Sport responds to ProTour meltdown

The question hanging over the fate of cycling's highest echelon has been answered: the UCI ProTour...

News feature, July 16, 2008

The question hanging over the fate of cycling's highest echelon has been answered: the UCI ProTour is most likely in its final year. While the 17 ProTour teams announcing they will not re-new their licences in 2009 effectively kills off the ProTour concept, it leaves those within the sport with an even bigger questions.

"Who is going to replace the ProTour, and decide the calendar, the rules?," Dauphiné Libéré race director Thierry Cazeneuve asked AFP. "Who will make the decisions and will they have backing?"

Cazeneuve's questions are valid at a time when smaller race organizers are the most exposed to the consequences of the Union Cycliste Internationale Vs. Grand Tour organizers war. Unlike the main players - UCI and the Grand Tour organisers - and even the teams, which have now exercised their position of power, smaller race organizers are incredibly exposed to developments such as these. It's a situation that has several worried about the future, while others feel it will work itself out.

"I still believe that no matter what happens the Tour Down Under will remain as part of the elite of events with the UCI," Tour Down Under director Mike Turtur told ABC Radio. "If that is the case, then that's what we always wanted to achieve for the race, to be part of the elite program of events."

A grim outlook or blessing in disguise?

Tour of Romandie's Richard Chassot wasn't so upbeat in an interview with the BCC. Chassot mirrored some of Cazeneuve's concerns regarding the sport's future direction and even questioned if there is a future for events like his own.

"It's bad news for cycling and teams who will have to reduce their staff," said Chassot. "If the three big Tour organisers share the cake between them, they have enough races without us. We might as well die."

While the battle has been waged for years, it's only early days in the most recent developments. The unity displayed by the sport's top teams in yesterday's decision could lead to a long-term solution, according to Silence-Lotto team manager Marc Sergeant.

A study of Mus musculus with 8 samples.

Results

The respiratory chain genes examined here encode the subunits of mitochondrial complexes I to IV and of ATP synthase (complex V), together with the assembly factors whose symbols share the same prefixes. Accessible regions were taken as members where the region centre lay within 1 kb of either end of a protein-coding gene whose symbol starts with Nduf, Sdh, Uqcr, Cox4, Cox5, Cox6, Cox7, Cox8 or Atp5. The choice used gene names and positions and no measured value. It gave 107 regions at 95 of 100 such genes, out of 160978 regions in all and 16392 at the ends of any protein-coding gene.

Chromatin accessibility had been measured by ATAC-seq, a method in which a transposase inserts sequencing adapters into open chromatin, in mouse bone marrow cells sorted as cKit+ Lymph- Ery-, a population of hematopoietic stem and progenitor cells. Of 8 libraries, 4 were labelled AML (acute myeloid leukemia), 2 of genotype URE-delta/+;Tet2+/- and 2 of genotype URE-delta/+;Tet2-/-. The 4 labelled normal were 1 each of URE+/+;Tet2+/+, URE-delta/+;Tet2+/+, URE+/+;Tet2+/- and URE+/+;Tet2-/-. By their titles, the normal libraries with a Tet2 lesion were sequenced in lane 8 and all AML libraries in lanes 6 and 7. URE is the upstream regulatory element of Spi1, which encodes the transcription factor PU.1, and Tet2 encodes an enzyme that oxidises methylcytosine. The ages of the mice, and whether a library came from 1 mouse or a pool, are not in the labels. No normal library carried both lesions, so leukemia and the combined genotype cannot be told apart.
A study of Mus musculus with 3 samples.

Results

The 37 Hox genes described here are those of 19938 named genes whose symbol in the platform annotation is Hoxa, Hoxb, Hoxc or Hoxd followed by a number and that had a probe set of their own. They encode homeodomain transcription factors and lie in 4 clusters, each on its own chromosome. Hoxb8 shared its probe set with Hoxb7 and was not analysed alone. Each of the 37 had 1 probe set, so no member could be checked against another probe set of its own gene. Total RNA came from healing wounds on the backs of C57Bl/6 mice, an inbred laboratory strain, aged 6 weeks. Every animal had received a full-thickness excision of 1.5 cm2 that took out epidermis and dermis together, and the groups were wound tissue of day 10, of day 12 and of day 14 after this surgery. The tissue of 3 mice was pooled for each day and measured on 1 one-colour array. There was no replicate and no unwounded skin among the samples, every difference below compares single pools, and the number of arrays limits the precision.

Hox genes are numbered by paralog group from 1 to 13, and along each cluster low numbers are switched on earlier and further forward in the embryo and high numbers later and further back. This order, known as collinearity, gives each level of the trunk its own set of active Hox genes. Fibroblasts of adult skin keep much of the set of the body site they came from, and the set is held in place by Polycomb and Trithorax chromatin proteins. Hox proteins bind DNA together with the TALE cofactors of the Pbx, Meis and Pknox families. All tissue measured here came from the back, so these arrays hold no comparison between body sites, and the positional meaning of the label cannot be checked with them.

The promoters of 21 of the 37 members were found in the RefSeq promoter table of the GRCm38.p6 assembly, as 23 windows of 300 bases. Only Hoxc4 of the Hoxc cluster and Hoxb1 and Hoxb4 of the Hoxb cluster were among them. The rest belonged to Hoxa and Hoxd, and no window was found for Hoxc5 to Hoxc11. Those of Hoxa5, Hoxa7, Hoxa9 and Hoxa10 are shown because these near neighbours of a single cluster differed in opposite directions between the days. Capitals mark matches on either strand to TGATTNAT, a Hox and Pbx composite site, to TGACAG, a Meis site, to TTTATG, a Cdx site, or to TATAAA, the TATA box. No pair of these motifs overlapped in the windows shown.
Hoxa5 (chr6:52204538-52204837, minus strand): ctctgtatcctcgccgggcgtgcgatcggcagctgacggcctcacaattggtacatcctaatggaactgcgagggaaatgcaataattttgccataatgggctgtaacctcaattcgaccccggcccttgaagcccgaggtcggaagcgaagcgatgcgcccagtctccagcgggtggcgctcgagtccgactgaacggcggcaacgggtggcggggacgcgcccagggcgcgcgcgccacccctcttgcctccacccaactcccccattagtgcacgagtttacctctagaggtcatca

"The Pro Tour is a great idea in principal, with the best teams in the best races in the world," said Sergeant. "But when there's a war going on, you have to choose a side. The teams' strength lies in their unity.

"Now it's up to others to come to the table and talk," he added. "There were some good things in the Pro Tour, but where is it leading to if the Giro, Tour and Vuelta are not even part of the series?"

One thing that seems certain is that come year's end the ProTour - at least in name - is looking likely to come to an end. "It will spell the end of the ProTour," Cazeneuve said. "It simply makes no sense for an organizer to have a license if there are no ProTour teams coming."

Cofidis team manager Eric Boyer, who is also head of the International Association of Professional Cyclist Groups, echoed Cazeneuve's predictions. "I indeed think that the ProTour won't exist anymore," he said.

UCI could see it coming

While UCI president Pat McQuaid admitted the latest turn of events wasn't unforeseen, the Irishman still feels that ASO is attempting to derail his organization and possibly create a rival federation. That position would likely need to change if Sergeant's predictions of constructive meetings to map a new path for professional cycling are to come to fruition.

The friction between the sports governing bodies came about in 2005 when it launched its ProTour ambition. Since then the UCI has galvanised the three powerful owners of the world's Grand Tours - the Giro d'Italia, the Tour de France and Vuelta a Espana - in opposition to its ProTour plans, with TV rights the stumbling block.

During the period that has followed there has been a truce called on numerous occasions, but each were short lived. The situation entered a new level earlier this year when ASO announced it would run the world's largest bike race, the Tour de France, under the French Cycling Federation's governance, rather than that of the international body.

With the situation between UCI and the Grand Tour organizers now escalated to a new level following the teams' announcement, the coming days will be telling of what the sport's future holds.